I am honored to have been nominated for the Gold Headed Cane Award. This nomination comes during a time when, in the face of COVID-19, the health of our nation and the future of our specialty have been at a crossroads. The passing of a Gold Headed Cane from an older to a younger physician as a sign of high regard and affection became a common practice in the seventeenth century. We now use it to indicate high regard to an older allergist for a productive career, yet I think of it as a way of encouraging younger allergists to strive to be worthy of it. I once was such an allergist.
After completing medical training at the University of Missouri-Columbia School of medicine, I trained in pediatrics at Children’s Mercy Hospital in Kansas City and then did an allergy/immunology fellowship at the University of Michigan-Ann Arbor. I attended my first College meeting in 1984 during that fellowship, courtesy of a travel grant. I made many new friends and learned the importance of participating in a professional society because it was educational, supportive and yes, fun to be part of. After that, I was hooked. Following completion of my fellowship, I joined the allergy faculty at Children’s Mercy Hospital and began to study various topics including mold allergy, rush immunotherapy and continuous nebulization for asthma. I also joined several committees of the College and began the process of getting involved.
My first opportunity to participate in a College-sponsored project was the inner city asthma program in collaboration with the Mothers of Asthmatics (now called the Allergy and Asthma Network). Our group organized a weekend program in Kansas City that was observed by the Board of Regents of the College. I think my involvement with this program led to my nomination for the Board of Regents. Drs. Jack Selner, Ira Finegold and Betty Wray were presidents during my term. As a member of the board, I learned the inside operations of the College including how things worked. I also made many friends during that time. That is why I see College meetings as a type of family reunion. I also got to know the College staff including people like Mary Lou Callahan and James Slawny. This underappreciated group of individuals is what keeps the College going.
In addition to the Board of Regents, I also was appointed to the Joint Council of Allergy, Asthma, & Immunology, where I learned about the political and socioeconomic aspects of the profession guided by the leadership of Dr. Don Aaronson. My first Capitol Hill Day experience when I called on my Congressional Representatives and Senators was scary, but also fulfilling. I made friends with several the staffers. I also was appointed to the Joint Taskforce for Practice Parameters (JTFPP) under the leadership of Dr. Dick Nicklas on which I served for about 16 years and eventually became co-chair. The JTFPP became a second family to me. The discussions, arguments and development of guidelines to help the specialty was clearly the highlight of my career in allergy. The College and Academy are truly fortunate to have such a hardworking, dedicated and brilliant group of individuals who spend countless hours developing practice parameters. During this time, I received the Distinguished Service and Distinguished Fellow Awards for my participation in these groups.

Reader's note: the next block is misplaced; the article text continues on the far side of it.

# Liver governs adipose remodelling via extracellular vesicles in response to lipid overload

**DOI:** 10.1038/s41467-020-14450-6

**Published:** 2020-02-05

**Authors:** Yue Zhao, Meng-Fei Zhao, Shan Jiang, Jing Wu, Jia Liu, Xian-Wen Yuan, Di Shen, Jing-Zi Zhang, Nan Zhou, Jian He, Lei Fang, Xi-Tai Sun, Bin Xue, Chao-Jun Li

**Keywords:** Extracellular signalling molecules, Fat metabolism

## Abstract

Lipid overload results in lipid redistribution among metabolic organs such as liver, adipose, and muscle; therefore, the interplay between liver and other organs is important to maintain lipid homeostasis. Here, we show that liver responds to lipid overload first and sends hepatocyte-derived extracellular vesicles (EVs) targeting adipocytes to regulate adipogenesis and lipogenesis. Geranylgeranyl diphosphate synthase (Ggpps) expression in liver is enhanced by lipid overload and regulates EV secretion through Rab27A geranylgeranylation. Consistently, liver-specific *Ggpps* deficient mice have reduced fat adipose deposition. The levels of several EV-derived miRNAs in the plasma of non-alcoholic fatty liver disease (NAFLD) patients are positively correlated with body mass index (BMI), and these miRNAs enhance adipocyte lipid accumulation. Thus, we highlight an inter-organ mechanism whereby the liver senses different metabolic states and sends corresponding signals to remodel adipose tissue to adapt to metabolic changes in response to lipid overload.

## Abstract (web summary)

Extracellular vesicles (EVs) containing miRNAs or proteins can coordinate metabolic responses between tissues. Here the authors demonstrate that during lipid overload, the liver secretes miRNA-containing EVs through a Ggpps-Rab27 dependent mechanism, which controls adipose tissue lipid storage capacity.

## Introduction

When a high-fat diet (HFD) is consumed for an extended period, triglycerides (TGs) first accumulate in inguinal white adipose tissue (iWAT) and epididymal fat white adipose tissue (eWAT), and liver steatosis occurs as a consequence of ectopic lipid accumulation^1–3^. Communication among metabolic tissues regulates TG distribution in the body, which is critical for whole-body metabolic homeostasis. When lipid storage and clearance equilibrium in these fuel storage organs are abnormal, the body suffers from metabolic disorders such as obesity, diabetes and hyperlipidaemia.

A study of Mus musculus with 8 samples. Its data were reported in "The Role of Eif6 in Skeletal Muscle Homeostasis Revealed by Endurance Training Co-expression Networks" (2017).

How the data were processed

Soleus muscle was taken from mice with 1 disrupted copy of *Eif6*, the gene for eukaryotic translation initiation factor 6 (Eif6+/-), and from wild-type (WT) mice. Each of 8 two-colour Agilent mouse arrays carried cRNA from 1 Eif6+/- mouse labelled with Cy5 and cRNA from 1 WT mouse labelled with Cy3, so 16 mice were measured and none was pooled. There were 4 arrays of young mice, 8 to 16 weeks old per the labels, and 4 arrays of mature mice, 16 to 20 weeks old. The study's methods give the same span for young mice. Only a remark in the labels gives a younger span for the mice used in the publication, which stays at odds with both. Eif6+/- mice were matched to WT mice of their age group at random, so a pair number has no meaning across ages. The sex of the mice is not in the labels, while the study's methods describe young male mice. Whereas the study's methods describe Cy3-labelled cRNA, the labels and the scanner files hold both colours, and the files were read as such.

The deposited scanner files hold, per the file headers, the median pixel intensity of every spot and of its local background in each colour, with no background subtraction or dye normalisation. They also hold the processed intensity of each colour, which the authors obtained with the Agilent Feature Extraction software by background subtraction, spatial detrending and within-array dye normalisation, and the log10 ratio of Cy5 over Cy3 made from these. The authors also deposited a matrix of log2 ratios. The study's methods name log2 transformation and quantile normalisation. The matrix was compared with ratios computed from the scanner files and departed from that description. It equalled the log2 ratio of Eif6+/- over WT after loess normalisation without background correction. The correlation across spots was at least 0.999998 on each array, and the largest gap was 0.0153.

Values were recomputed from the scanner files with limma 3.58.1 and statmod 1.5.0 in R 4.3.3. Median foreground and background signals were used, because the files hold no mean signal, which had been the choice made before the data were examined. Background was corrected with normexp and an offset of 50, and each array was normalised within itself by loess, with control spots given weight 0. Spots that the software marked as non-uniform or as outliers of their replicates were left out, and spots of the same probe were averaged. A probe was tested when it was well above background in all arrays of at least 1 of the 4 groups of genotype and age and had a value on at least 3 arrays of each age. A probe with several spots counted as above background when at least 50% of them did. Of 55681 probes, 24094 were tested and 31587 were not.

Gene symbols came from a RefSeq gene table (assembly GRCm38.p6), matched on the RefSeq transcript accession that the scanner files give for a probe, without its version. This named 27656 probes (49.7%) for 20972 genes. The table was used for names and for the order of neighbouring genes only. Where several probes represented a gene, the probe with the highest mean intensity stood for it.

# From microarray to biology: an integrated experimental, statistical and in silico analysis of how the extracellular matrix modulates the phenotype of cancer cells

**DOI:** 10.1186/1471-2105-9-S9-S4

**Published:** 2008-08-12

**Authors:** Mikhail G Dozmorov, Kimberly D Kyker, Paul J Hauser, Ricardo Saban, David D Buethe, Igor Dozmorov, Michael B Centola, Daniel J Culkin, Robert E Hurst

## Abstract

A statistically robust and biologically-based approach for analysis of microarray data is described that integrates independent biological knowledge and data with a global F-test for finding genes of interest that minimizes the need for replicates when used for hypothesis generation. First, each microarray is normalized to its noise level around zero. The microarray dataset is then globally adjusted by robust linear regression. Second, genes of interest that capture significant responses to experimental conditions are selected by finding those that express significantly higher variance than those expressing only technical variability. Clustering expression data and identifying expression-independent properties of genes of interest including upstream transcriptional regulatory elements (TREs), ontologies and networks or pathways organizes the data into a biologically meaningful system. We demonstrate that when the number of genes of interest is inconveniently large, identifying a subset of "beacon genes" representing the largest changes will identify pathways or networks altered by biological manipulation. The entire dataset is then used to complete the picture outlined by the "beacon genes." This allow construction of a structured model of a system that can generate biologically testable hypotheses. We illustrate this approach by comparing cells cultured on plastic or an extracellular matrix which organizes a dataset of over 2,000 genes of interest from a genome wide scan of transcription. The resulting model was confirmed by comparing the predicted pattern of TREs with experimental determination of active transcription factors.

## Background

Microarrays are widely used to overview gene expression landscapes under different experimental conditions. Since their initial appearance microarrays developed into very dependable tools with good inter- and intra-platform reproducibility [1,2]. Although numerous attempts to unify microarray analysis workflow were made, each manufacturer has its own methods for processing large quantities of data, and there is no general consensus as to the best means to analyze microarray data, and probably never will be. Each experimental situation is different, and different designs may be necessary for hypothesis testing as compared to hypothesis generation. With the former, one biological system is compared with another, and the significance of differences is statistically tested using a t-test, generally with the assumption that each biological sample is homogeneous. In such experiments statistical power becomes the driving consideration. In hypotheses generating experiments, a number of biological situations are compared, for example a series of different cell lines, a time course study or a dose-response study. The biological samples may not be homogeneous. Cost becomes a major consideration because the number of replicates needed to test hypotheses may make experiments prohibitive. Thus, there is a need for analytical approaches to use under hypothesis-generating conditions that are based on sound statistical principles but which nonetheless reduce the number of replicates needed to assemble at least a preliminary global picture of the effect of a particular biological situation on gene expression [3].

In 2006 I received the phone call from Dr. Bill Berger asking if I would be willing to serve as College president. While nobody can feel entitled to receive such an honor, I was nervous about accepting the offer. Was I up to the task? I did have several objectives in mind including the creation of Conferences Online Allergy (COLA), development of guidelines for environmental control and continuation of an allergy marketing campaign spearheaded by Dr. Richard Gower. Fortunately, I had lots of help making that decision and those years were the highlight of my career.
Life does continue after being College president. I chaired the Future of the Specialty Taskforce and participated in converting our practice parameters to the evidence-based documents that they are now. I also have spent terms on the allergy/immunology RRC and on the American Board of Allergy and Immunology, where I learned that it is much harder to write good questions than it is to answer them.
Perhaps the most rewarding aspect of membership in the College has been the opportunity to make so many friends. The College enabled me to travel around the world to attend international meetings and in doing so, I learned about the customs in countries from Asia to South America. Though allergy is a medical specialty, it is composed of a very collegial group of individuals who provide benefit to patients on a regular basis. It is that group that I am proud to be a member of.
Though the College has taken me away from my family through the years, they have always been there to support me. I wish to thank my wife, my son and daughter and their significant others for their support. And yes, I do have two cats, but at least nobody in my family has cat allergy. It has been a crazy ride and I am sure that there is more to come. Thank you for nominating me for this honor.